A little while ago, I read a book about jinja in depopulated areas of Japan. (過疎地神社の研究 (Kasochi Jinja no Kenkyū, Research on Jinja in Depopulated Areas), 冬月律 (by Fuyutsuki Ritsu)) The book is a report of several years’ anthropological study of the jinja in an area of Kōchi Prefecture, on Shikoku. Dr Fuyutsuki interviewed the priests and the sōdai, and the book is very interesting, in part because it makes it clear that it is not easy to say anything general about the problem. I may write at more length about it in the future.
This blog post, however, is about the appendix, which lists all the jinja in the area that are registered as religious corporations. This appendix was compiled with the cooperation of the chief priests, and gives the name of the jinja, lists the venerated kami, and other data about the impact of depopulation. The list of venerated kami is interesting for several reasons. First, out of 103 jinja, there is only one Inari Jinja, and the frequency of other kami is rather different from the national level. That is another sign of the high level of local diversity in Shinto.
The most interesting point, however, is that, of 103 jinja, eight list the kami as “unknown”.
This information was gathered from the chief priests, by a researcher who spent several years getting to know the priests and the important laypeople. If he couldn’t find out which kami were enshrined at a jinja, then it is virtually certain that no-one alive knows.
These are not small shrines by the side of the road or in someone’s garden; these are religious corporations, and at least one of the jinja has a mikoshi (although it doesn’t have enough young people to take it out these days). Nevertheless, it does not seem to be a source of great concern that nobody knows which kami is enshrined. Certainly, it isn’t mentioned anywhere else in the book.
Given the way that Shinto practice works, this is not actually too surprising. First, very few people involved with a jinja worry about the name of the kami. People visit their local jinja to pay their respects to the kami, have prayers said, and visit or conduct the regular matsuri. The traditions of that particular jinja make a big difference to these activities, but the identity of the kami does not. Indeed, it is not at all uncommon for people visiting a jinja to not know who the kami is.
Further, norito are very often addressed to the “kami of [jinja name]”, rather than to named kami. In part, this is practical — my local jinja enshrines about a dozen kami in the main sanctuary, and naming them all would take quite some time, even leaving aside the issues of etiquette involved in putting them in an order. However, it may also be connected to deep traditions in Shinto. There is good evidence that early practice was frequently directed at the kami of particular places, rather than a named kami known from multiple locations. In some cases, that effectively continues, because the kami of some jinja have names that simply mean “the kami of this location”.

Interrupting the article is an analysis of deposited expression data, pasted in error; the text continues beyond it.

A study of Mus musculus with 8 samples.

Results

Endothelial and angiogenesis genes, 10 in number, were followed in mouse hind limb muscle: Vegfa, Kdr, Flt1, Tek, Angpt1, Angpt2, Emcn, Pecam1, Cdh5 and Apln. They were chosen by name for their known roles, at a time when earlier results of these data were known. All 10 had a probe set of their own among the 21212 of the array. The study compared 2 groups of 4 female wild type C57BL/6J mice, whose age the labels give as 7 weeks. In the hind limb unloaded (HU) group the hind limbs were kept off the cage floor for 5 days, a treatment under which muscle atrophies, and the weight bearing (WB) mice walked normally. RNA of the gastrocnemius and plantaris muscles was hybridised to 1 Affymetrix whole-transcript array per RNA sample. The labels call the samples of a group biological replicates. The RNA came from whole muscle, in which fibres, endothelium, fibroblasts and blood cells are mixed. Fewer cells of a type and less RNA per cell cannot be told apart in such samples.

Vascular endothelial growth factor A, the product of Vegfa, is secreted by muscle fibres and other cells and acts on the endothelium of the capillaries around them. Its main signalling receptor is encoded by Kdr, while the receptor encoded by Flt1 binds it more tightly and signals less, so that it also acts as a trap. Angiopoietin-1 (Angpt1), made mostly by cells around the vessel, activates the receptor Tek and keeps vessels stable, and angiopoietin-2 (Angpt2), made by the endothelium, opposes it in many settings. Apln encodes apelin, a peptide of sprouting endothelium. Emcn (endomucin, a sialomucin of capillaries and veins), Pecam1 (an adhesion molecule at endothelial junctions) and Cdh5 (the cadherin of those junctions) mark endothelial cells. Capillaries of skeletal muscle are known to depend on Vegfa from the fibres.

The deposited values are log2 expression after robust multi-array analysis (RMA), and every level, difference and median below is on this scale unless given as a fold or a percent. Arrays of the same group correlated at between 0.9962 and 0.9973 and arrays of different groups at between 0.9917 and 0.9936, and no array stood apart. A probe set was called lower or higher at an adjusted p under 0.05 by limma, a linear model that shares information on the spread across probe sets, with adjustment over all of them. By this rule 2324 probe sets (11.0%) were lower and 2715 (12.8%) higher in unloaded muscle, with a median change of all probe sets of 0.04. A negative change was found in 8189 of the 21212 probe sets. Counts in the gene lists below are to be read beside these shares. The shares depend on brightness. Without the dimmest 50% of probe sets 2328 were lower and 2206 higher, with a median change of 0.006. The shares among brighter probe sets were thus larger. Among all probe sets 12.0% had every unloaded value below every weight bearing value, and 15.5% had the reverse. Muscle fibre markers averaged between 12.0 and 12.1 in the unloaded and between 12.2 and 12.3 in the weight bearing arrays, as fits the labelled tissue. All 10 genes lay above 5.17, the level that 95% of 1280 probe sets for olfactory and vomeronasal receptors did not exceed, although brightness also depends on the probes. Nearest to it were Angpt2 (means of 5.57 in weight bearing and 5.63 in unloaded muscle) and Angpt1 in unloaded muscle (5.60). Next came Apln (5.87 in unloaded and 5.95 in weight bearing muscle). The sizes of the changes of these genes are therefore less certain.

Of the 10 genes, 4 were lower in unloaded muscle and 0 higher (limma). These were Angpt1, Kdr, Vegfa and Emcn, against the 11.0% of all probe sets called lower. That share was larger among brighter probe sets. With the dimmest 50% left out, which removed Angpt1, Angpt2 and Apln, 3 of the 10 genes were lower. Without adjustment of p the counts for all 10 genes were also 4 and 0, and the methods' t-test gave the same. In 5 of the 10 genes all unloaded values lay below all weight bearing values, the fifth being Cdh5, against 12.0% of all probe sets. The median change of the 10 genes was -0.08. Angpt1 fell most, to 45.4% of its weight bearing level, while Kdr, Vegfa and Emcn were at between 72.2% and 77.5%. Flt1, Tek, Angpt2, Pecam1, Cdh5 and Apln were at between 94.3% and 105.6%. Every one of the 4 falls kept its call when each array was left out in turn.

Thus, it might not be quite right to say that the kami of those jinja are unknown. They are known to be the kami of those jinja, and they are venerated at those jinja. The practices are known, and the norito can be addressed to “the kami of this jinja” without introducing any ambiguity about which kami you are talking to. Names are only needed when you want to identify kami across jinja, and say that the same kami is enshrined at different jinja. As I have mentioned before, even with the names, this is far from straightforward in Shinto: Ebisu is identified with two different kami from the myths, depending on the jinja, Inari with three, and while Hachiman is almost always three kami, which three differs from one jinja to another — and one of them is often just “Himëgami”, which simply means “female kami”.
It is probably fair to say that Shinto practice does not require people to be able identify a kami outside the context of a single jinja. There are cases where the identification is important — it does matter that a lot of jinja enshrine Amaterasu Ōmikami, and that the same kami is enshrined in all of them — but those are the special cases. The default is that matsuri honour the kami of this jinja — whomever they may be.